Cody Jinks did not become one of the most successful artists in independent country music to the point where he’s now minting Gold and Platinum records from the support of some record label, mainstream radio play, opportunities on big tours, shout outs from major celebrities, or fawning coverage from the press.
Aside from a weekend DJ named Ben Ryan on the small radio station ‘The Ranch’ in Fort Worth who almost got fired for playing Cody so much, Jinks went mostly ignored by much of the music world as he quietly amassed one of the largest and most loyal fans bases in the genre. It’s Cody’s songs, and the connections made with fans through his live shows that have Jinks defying odds, and rewriting the possibilities for independent country artists.
Adding to his arsenal of studio projects, Cody Jinks unleashes his first proper concert album called Red Rocks Live, recorded professionally at the legendary venue of the same name situated between the painted boulders of picturesque Colorado. A sweeping work of 23 songs encapsulating the lion’s share of Cody’s song legacy with little banter or cover material, Jinks and his band capture a spirited rendition of what you experience live, which is a high-energy and tightly-performed hard country show, ranging from blistering fist-pumping moments to more reserved and meaningful ones.
The first big question with any live release for audiophiles and general fans alike is the quality of the recordings. Red Rocks Live is a fine specimen of live material, with crowd noise included at the beginning and end of songs, but not overbearing during them, putting you as close to in-person as possible, with clean-enough signals to appreciate and delineate the separate players. It’s a fairly conventional, but quite successful live release.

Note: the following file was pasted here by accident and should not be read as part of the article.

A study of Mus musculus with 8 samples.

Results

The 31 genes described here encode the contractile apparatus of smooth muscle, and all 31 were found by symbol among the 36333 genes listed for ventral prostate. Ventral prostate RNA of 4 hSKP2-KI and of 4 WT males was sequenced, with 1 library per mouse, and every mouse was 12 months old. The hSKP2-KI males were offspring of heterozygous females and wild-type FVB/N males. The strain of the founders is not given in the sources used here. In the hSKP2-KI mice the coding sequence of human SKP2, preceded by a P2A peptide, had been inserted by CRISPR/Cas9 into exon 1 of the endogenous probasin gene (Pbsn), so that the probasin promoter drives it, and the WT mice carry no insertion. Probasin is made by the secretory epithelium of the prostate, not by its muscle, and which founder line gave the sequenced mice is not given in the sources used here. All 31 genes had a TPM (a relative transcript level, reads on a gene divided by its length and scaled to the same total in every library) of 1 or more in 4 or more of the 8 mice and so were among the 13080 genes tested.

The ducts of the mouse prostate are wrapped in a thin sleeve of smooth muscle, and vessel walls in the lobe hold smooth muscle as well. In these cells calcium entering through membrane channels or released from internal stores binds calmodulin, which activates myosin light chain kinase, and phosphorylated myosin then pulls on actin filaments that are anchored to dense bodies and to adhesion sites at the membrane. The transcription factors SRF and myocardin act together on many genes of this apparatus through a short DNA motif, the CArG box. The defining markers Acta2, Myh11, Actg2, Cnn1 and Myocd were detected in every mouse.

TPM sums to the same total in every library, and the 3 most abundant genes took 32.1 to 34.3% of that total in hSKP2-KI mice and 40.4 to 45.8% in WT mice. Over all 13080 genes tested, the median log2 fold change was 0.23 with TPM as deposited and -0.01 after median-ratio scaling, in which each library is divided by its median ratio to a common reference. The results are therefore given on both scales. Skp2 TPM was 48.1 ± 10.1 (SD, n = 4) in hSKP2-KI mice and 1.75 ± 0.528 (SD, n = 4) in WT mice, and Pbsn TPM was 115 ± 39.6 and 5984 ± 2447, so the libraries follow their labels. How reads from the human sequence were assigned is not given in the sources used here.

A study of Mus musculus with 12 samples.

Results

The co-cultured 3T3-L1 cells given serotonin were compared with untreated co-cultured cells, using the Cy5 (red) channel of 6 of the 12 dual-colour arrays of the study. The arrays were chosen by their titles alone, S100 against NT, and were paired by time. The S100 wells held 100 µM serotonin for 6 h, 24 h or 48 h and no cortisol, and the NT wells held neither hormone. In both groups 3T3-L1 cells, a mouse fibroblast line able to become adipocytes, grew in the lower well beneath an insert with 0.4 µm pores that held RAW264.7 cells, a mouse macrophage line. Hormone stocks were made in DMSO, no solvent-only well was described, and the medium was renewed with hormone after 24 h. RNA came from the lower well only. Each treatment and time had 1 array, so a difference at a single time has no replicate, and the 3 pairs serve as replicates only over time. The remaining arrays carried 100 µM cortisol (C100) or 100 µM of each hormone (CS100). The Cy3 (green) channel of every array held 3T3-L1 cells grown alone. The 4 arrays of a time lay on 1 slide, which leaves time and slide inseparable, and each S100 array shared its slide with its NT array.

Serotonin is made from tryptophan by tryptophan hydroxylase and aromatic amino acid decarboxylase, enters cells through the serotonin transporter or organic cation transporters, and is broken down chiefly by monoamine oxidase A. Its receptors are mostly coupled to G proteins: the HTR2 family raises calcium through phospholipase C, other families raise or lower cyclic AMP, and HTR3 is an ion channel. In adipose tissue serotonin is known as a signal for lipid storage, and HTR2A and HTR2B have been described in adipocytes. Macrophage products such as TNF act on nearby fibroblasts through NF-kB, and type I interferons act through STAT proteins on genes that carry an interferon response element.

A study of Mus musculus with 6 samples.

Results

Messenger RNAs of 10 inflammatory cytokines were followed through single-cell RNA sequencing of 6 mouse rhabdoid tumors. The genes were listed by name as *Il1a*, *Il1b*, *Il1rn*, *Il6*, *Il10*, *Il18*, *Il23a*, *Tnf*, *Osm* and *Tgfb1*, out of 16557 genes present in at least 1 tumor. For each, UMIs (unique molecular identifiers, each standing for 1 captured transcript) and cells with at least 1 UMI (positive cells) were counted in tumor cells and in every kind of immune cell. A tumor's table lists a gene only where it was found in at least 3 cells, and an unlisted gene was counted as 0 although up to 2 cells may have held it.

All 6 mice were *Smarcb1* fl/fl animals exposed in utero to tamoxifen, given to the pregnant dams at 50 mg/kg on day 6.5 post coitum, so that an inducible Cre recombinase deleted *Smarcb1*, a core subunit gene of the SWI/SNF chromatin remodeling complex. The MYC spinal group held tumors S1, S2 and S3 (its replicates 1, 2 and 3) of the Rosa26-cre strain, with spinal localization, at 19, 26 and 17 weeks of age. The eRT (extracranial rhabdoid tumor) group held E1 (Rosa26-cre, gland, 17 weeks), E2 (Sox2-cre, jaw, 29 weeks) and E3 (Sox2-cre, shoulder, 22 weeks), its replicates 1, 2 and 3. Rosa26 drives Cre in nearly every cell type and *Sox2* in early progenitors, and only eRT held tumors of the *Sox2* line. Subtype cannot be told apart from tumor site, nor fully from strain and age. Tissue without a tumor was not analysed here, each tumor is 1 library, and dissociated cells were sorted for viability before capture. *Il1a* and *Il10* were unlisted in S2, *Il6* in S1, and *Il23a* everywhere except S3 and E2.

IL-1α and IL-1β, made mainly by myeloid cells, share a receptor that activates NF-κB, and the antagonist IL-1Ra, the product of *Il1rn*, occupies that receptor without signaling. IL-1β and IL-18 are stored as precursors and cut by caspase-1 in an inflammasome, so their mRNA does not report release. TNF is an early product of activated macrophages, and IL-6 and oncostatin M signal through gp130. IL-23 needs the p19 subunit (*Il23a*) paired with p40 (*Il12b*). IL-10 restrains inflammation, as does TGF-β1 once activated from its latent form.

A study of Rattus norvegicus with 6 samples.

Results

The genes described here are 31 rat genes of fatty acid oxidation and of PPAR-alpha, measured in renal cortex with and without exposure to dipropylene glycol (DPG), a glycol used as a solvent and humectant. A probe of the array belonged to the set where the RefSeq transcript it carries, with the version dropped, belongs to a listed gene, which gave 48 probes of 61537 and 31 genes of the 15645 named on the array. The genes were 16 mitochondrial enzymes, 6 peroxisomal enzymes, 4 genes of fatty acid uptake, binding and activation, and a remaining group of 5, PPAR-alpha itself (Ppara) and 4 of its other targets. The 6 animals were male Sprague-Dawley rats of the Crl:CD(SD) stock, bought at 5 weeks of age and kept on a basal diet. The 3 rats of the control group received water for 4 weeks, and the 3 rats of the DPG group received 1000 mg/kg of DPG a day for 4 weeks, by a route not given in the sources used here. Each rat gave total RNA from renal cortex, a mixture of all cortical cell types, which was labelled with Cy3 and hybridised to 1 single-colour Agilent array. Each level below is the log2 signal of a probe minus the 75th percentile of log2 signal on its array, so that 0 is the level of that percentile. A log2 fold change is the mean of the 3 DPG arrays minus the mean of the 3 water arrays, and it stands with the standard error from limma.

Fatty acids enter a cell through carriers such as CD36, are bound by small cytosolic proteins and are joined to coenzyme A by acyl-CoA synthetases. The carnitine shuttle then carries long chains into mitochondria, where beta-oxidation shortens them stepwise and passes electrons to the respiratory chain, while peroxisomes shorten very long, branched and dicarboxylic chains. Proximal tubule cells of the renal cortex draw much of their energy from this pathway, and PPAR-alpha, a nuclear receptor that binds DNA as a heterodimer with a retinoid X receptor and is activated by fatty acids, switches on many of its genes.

The live context allows for Cody’s band “The Tonedeaf Hippies” to stretch their legs a bit more than they do in the studio, with lead guitar player Chris Claridy, keyboard player Drew Harakal, and steel player Austin “Hot Rod” Tripp taking full advantage of this opportunity on certain tracks. Guests include Cody’s own mother early on, appropriately on “Mamma Song,” and Paul Cauthen on the song “Big Last Name.” Though covers are a custom on many live records and in the Cody Jinks setlist, Alan Jackson’s “Chasin’ That Neon Rainbow” is the only one that adorns this particular set of songs.
More than just capturing the music, Red Rocks Live captures an important moment in the maturation of Cody Jinks. Similar to his feat of selling out the Ryman Auditorium on consecutive nights across enemy lines in Nashville a few years ago, filling every seat at Red Rocks was not just a bucket list achievement for Jinks, it was a shot across the bow of the mainstream, and an illustration of the commercial prowess emerging in the independent ranks—the picture of Cody on the cover standing at center stage in front of a sea of fans says it all.
The album also captures why so many trekked to Colorado to hear Cody Jinks perform, from the swell of anticipation you can hear from the crowd as the intro to the song “I’m Not The Devil” takes shape, to bringing the house lights up having everyone sing along to his signature songs like “Cast No Stones” and “Hippies and Cowboys” near the end of the set. Cody also appropriately slipped in “Colorado” before ending with his now Platinum-selling single “Loud and Heavy.”
Cody Jinks doesn’t sing to his fans, or for his fans. Cody Jinks sings with his fans. He’s one of them—a man “Somewhere in the Middle” like he sings about in the middle of this set. And the connection he makes with his fans—from the dedicated “Flockers,” to more everyday traditional and Outlaw country listeners—is something tough to quantify or explain unless you’ve experienced it. But it comes close to being captured in recorded form on Red Rocks Live.